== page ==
The government, in conjunction with East African Community (EAC), has decided to come up with strategies that will enable the region’s governments to combat crimes with regard to intellectual property.
Speaking during a regional workshop in Nairobi, Director for Industrialisation, Erastus Kimuri mentioned that the new move would target music, films, books and even software among other imported products in the region. He said that the EAC is in the process of formalising an inter-agency approach aimed at tackling counterfeiters.
Kenya currently has 12 organisations tasked with fighting forgery and copyright infringement. Among these groups are the Anti Counterfeiting Agency and the Kenya Bureau of Standards.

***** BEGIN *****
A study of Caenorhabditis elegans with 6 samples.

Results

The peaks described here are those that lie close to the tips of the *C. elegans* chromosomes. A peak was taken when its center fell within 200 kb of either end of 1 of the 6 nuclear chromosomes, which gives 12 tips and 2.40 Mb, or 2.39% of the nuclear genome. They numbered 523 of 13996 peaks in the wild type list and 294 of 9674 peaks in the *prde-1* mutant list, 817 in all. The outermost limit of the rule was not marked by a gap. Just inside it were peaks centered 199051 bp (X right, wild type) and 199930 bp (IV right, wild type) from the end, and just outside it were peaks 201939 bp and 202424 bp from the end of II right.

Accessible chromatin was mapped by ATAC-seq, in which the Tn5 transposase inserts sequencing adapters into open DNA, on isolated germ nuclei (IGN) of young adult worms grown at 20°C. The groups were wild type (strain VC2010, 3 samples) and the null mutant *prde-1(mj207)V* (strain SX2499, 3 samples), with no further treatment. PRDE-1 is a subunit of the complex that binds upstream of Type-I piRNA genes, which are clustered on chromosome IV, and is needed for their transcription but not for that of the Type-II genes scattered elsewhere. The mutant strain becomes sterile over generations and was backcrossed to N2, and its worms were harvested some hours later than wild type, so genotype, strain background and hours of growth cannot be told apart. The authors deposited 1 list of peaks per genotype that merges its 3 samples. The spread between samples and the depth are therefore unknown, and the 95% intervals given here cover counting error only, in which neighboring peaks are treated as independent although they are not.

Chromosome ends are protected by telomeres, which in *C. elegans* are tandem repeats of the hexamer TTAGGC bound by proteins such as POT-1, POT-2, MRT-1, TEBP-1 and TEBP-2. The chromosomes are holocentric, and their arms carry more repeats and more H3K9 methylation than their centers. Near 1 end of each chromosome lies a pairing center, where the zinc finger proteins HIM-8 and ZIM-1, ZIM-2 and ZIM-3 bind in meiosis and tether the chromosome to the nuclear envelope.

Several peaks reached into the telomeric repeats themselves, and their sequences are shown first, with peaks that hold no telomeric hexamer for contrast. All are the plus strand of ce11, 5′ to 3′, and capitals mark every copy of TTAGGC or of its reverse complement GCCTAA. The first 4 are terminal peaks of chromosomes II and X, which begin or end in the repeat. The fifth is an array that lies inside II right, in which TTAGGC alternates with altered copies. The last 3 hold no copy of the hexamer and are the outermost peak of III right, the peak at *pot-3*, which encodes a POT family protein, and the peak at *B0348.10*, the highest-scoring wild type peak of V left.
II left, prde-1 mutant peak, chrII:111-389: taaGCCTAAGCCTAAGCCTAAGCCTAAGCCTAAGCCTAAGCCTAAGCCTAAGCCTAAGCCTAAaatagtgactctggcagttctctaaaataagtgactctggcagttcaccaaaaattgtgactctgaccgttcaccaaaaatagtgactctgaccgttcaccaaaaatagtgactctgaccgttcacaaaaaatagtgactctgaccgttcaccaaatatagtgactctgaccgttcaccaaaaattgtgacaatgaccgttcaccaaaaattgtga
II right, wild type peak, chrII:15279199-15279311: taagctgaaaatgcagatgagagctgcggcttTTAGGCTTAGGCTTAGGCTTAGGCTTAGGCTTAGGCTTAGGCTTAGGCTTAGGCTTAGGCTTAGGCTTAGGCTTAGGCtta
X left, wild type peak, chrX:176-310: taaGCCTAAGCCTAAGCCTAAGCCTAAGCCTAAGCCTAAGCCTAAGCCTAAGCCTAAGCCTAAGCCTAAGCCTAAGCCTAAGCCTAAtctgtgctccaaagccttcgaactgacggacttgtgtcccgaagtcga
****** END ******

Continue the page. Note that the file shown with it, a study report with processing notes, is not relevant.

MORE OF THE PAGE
Kimuri said that counterfeiters were causing major losses in terms of intellectual property. The director stated that the value of originality lies in the innovation, the research, the design and the testing that goes into developing a new product. He said that forgeries were compromising the integrity of professionals, especially in the fields of medicine and technology.
The workshop ended yesterday and brought together more than 80 delegates from Kenya, Uganda, Tanzania, Burundi and Rwanda. The EAC used it as a platform to gain some insight from big players like the United States Patent and Trademark Office, the United States Department of Justice and the United States Customs and Border Protection agency. The project will enable the East Africa’s governments to effective consistent and efficient in the protection of intellectual property.